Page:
Walk into any library, and the world is revealed, from tall tales and vital truths to oral histories and picture books. It’s no wonder then that these magical repositories of imagination and knowledge also contain some of the coolest, most subversive, and most innovative people on the planet: librarians.
To prove the point, Encounter Culture host Charlotte Jusinski bypasses the books and goes directly to the source. She chats with Eli Guinnee, New Mexico State Librarian, and the incomparable Jean Whitehorse, Outreach Librarian, Tribal Libraries Program in Crownpoint, NM, on the Navajo Nation. Eli provides background on the state library’s programs and initiatives while Jean educates listeners on everything else. That’s not hyperbole; Jean is an astonishing font of information, determination, and wisdom behind the circulation desk.
The New Mexico State Library is more than “just” a repository for books. It’s a vital hub, offering career training, financial literacy, computer competency, and infrastructure advocacy programs. Jean’s approach to librarianship mirrors her approach to life––examine systems, identify the inequities, and take action. “There’s always another way,” she says, referencing the creative problem-solving spirit that her father passed down to her.
Eli is in awe of the changes Jean has fostered throughout her life and career. “You’ve got this whole lifetime of working towards justice and education and access and improvements over so many years,” he says, noting that her love for her community compels her to think outside the box. “Everyone’s unique. Every community is unique. Even within the Navajo Nation, different chapter houses are unique. You’re very one-on-one when you’re working with people. You address their particular needs, but [ ] you have this broad vision, too.”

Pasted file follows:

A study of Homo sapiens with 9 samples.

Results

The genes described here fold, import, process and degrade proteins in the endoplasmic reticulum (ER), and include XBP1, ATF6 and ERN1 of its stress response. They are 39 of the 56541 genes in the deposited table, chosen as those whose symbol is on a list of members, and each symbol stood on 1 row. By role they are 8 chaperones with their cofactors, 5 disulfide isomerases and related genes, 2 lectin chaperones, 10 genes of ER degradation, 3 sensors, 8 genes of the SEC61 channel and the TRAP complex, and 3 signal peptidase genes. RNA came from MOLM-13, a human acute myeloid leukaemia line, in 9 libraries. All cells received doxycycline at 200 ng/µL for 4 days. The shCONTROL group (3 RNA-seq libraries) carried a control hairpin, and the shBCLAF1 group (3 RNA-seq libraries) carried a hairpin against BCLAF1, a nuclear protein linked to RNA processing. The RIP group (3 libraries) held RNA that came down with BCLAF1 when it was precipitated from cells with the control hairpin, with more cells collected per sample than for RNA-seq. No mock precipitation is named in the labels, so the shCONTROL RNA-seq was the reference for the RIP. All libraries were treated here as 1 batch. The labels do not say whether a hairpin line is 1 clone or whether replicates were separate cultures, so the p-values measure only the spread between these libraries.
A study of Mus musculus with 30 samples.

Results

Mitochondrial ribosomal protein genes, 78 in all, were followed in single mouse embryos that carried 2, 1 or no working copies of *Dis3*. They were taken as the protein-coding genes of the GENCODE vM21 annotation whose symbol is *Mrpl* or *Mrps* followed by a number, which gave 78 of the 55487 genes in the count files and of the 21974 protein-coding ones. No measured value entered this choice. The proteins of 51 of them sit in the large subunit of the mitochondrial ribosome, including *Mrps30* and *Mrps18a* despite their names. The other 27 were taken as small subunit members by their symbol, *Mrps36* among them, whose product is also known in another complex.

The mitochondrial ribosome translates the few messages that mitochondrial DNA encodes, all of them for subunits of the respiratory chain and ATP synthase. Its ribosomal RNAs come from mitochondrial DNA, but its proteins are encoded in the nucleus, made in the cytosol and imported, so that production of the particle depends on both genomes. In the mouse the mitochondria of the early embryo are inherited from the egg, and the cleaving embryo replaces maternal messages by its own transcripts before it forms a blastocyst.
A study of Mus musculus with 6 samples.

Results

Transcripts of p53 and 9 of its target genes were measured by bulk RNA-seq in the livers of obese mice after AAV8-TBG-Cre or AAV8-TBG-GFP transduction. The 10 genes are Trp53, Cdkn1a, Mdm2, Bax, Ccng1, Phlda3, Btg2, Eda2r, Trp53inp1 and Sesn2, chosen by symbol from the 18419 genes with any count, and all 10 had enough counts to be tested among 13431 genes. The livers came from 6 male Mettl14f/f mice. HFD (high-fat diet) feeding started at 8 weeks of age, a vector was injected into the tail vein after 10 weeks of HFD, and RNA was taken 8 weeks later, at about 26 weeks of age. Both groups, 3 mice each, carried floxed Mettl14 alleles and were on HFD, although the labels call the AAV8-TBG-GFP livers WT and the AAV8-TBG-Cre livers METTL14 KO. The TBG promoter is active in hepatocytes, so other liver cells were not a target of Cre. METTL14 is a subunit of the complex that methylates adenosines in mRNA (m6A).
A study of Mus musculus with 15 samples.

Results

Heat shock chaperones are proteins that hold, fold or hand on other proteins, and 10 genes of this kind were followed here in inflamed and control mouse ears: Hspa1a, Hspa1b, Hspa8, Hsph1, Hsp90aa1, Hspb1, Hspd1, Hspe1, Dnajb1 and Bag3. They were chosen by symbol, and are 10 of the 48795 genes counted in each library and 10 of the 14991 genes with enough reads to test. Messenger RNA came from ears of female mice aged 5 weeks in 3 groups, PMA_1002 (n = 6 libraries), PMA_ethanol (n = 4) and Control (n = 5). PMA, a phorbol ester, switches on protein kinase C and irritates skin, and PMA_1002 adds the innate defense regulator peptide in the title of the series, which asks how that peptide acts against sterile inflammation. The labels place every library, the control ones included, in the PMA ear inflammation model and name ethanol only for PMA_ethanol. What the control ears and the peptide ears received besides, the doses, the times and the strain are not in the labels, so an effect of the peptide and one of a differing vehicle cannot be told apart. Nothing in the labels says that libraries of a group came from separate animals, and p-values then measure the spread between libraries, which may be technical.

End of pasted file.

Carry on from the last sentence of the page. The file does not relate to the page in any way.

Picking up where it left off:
Jean’s macro-micro sensibility has garnered her invitations to speak around the world. She’s even addressed The United Nations’ Permanent Committee on Indigenous Issues. But no matter how far afield she travels, Jean remains rooted in Navajo Nation. “I grew up in a hogan with a dirt floor. I’m the daughter of a Navajo Code Talker,” she says, pride mingling with a bit of impatience. There’s still so much she wants to accomplish.
Here’s hoping we’ll find Jean behind the circulation desk for another 25 years.
Visit the New Mexico State Library to learn more about its programs and initiatives. If you’re in Santa Fe, drop by the library at 209 Camino Carlos Rey for research and browsing. Don’t live in Santa Fe? Submit your questions to a librarian via the New Mexico State Library reference desk! All inquiries receive a response within two business days.
You can view a trailer for Amá, the film featuring Jean Whitehorse’s story of forced sterilization, at dartmouthfilms.com/ama.
Visit https://newmexicoculture.org for info about our museums, historic sites, virtual tours and more.
Encounter Culture, a production of the New Mexico Department of Cultural Affairs, is produced and edited by Andrea Klunder at The Creative Impostor Studios.
Hosted by Charlotte Jusinski, Editor at El Palacio Magazine
Technical Director: Edwin R. Ruiz
Recording Engineer: Kabby at Kabby Sound Studios in Santa Fe
Executive Producer: Daniel Zillmann
Show Notes: Lisa Widder
Associate Editor: Helen King
Theme Music: D’Santi Nava
For more, visit podcast.nmculture.org.